Apple/EMI Deal – What Does This Mean for DRM?

It’s a little hard for me to reconcile the disconnect between RIAA lawsuits and the proposed jacked-up online radio licensing fees with EMI’s recent deal with Apple to sell DRM-less music for a premium (130%) price.

Is it as simple as the Brits being more in tune (no pun intended) with online media? This is not a facetious question: it’s the Recording Industry Association of America that is persecuting college students, streaming “radio” and, reportedly, a signed-off-by-the label virual campaign for the forthcoming Nine Inch Nails album.

IFPI (an international trade group) says that only 10% of global music sales are made online. Of course, given how young the online music market is, that 10% could (should?) be considered quite a coup. And it’s a growing segment.

I “get” EMI’s push for a price difference as a short-term cash flow “please the investors” kind of act. I don’t think the “higher quality” file will matter for most of my listening (at work, on the bus, in the car). And I already know how to move my 99-cent iTunes store music to another player (if I used another one, which I don’t). Clearly, I’m not the market, although I applaud the spirit of the move.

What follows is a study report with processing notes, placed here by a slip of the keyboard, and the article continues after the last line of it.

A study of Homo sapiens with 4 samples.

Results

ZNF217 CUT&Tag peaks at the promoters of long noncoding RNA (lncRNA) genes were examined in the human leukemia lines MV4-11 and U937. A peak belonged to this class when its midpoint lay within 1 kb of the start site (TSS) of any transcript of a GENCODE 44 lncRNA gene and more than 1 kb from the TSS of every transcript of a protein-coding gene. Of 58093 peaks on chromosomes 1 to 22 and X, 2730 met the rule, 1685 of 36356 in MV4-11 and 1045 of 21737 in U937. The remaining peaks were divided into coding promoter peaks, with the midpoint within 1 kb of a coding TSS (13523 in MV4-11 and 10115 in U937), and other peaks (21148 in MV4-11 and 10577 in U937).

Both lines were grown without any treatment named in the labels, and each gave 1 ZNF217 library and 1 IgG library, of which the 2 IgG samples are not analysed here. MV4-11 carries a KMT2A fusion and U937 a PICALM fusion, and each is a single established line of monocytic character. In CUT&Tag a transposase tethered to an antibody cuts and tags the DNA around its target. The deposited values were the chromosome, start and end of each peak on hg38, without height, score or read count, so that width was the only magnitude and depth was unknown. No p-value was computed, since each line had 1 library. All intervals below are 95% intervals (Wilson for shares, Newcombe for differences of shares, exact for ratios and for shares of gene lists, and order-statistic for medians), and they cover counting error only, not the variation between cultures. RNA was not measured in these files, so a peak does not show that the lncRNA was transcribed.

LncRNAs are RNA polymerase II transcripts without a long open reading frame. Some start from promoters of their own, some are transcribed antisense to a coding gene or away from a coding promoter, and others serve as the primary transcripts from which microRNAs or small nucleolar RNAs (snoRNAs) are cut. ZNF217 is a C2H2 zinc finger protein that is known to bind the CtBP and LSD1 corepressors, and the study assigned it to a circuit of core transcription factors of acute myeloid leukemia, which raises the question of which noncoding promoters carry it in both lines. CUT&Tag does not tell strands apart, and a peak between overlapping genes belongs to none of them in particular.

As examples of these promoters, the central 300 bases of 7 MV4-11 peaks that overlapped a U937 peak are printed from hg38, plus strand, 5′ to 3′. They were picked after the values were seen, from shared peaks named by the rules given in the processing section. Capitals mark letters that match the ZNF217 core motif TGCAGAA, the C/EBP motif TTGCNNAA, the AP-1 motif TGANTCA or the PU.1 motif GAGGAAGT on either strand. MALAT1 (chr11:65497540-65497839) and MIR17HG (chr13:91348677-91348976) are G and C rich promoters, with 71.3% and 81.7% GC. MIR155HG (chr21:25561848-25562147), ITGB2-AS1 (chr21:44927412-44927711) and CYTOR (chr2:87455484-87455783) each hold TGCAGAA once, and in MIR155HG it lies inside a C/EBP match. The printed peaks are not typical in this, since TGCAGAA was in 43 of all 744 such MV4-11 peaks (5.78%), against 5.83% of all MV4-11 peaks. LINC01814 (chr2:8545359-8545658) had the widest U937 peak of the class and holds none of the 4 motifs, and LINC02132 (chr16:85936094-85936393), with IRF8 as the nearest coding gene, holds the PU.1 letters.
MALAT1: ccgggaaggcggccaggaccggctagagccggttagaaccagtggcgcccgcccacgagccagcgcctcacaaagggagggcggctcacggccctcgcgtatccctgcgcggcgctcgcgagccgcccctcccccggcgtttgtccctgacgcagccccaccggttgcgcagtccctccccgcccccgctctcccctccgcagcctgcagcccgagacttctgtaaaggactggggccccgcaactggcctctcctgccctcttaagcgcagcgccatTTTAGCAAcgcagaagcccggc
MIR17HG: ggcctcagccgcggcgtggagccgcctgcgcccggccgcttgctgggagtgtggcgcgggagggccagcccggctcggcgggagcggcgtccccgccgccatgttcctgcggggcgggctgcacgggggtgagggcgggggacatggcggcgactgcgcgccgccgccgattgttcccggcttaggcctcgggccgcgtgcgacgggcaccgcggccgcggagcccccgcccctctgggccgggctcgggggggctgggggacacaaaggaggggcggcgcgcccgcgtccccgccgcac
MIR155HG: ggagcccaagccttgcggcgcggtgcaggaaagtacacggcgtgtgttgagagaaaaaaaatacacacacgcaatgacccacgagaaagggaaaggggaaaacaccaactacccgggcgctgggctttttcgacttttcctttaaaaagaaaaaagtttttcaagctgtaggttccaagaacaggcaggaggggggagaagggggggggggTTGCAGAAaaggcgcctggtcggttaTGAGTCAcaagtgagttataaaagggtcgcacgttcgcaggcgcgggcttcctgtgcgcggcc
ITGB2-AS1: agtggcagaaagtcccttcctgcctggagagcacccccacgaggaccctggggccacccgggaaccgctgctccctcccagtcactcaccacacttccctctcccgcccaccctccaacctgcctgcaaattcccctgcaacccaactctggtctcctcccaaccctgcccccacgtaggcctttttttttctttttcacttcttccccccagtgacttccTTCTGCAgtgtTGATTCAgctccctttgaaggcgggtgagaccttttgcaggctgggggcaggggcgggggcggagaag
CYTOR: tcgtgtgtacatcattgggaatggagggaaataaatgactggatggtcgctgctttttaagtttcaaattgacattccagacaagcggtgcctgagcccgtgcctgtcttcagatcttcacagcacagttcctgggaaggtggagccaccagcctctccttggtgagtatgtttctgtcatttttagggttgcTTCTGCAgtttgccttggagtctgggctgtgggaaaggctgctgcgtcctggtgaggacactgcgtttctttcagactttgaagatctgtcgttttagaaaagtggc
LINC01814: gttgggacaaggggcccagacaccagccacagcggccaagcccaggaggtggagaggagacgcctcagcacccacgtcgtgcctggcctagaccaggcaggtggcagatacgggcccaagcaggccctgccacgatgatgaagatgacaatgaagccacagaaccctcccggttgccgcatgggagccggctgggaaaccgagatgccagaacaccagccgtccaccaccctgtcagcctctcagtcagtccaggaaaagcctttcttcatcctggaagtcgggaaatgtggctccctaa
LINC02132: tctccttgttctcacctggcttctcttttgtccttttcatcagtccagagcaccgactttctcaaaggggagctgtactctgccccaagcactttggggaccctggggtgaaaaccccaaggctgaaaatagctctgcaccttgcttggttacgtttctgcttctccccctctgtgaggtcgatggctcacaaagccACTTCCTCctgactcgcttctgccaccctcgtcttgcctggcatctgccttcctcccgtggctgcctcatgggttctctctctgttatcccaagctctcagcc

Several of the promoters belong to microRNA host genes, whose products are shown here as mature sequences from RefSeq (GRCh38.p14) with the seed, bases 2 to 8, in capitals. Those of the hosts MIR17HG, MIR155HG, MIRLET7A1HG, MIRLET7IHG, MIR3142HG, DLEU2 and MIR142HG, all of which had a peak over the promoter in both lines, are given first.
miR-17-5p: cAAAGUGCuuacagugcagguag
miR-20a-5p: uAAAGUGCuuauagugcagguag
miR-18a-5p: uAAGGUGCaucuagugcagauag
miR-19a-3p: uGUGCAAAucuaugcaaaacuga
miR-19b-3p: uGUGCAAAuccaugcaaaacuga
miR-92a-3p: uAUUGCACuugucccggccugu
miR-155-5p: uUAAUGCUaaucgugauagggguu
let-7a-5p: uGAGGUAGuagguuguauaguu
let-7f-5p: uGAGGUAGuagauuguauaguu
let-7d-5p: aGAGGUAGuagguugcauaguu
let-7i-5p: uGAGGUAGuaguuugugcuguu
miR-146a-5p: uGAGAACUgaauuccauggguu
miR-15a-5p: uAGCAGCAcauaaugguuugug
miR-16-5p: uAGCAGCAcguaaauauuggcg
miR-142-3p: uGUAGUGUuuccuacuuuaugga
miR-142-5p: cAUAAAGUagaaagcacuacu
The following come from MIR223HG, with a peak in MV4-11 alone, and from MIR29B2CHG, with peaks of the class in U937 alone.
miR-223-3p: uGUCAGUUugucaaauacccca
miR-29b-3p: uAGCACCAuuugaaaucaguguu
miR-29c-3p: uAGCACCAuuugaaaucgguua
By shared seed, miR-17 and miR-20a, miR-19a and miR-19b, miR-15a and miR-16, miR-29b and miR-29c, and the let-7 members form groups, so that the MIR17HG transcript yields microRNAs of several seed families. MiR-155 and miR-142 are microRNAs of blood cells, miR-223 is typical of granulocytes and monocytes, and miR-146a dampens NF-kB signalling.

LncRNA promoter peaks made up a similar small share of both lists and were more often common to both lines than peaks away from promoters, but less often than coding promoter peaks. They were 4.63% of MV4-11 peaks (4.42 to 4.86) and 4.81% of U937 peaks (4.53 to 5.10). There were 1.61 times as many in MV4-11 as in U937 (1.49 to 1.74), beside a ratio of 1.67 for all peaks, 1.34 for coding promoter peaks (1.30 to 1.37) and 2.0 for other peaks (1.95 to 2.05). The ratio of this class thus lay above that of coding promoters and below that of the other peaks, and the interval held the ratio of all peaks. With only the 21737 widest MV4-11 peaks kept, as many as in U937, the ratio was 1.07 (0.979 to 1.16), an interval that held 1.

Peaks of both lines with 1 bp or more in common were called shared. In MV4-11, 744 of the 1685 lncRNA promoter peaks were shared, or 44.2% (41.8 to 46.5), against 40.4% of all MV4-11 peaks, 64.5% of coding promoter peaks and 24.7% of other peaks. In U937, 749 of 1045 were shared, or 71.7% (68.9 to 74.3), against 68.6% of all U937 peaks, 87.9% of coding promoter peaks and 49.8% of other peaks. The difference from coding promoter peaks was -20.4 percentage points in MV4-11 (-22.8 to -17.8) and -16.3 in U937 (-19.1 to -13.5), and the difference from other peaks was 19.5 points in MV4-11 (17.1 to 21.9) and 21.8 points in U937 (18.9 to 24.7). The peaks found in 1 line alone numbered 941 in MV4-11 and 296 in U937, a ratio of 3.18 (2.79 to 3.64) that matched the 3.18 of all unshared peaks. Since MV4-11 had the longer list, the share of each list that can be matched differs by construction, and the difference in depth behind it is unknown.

The European Union is not happy with Apple’s DRM and the fact that the iTunes store works only with the iPod. Hello! It’s not like there is a universally accepted DRM “standard” that Apple is ignoring. Maybe the EU should be more vexed at the record industry’s refusal to help develop a DRM standard.

For the unaware (as I was before tracking down these numbers), here are the top four record companies (combined, 72% of global sales):

Disclaimer: I own Apple stock. And my S.O. works for Microsoft.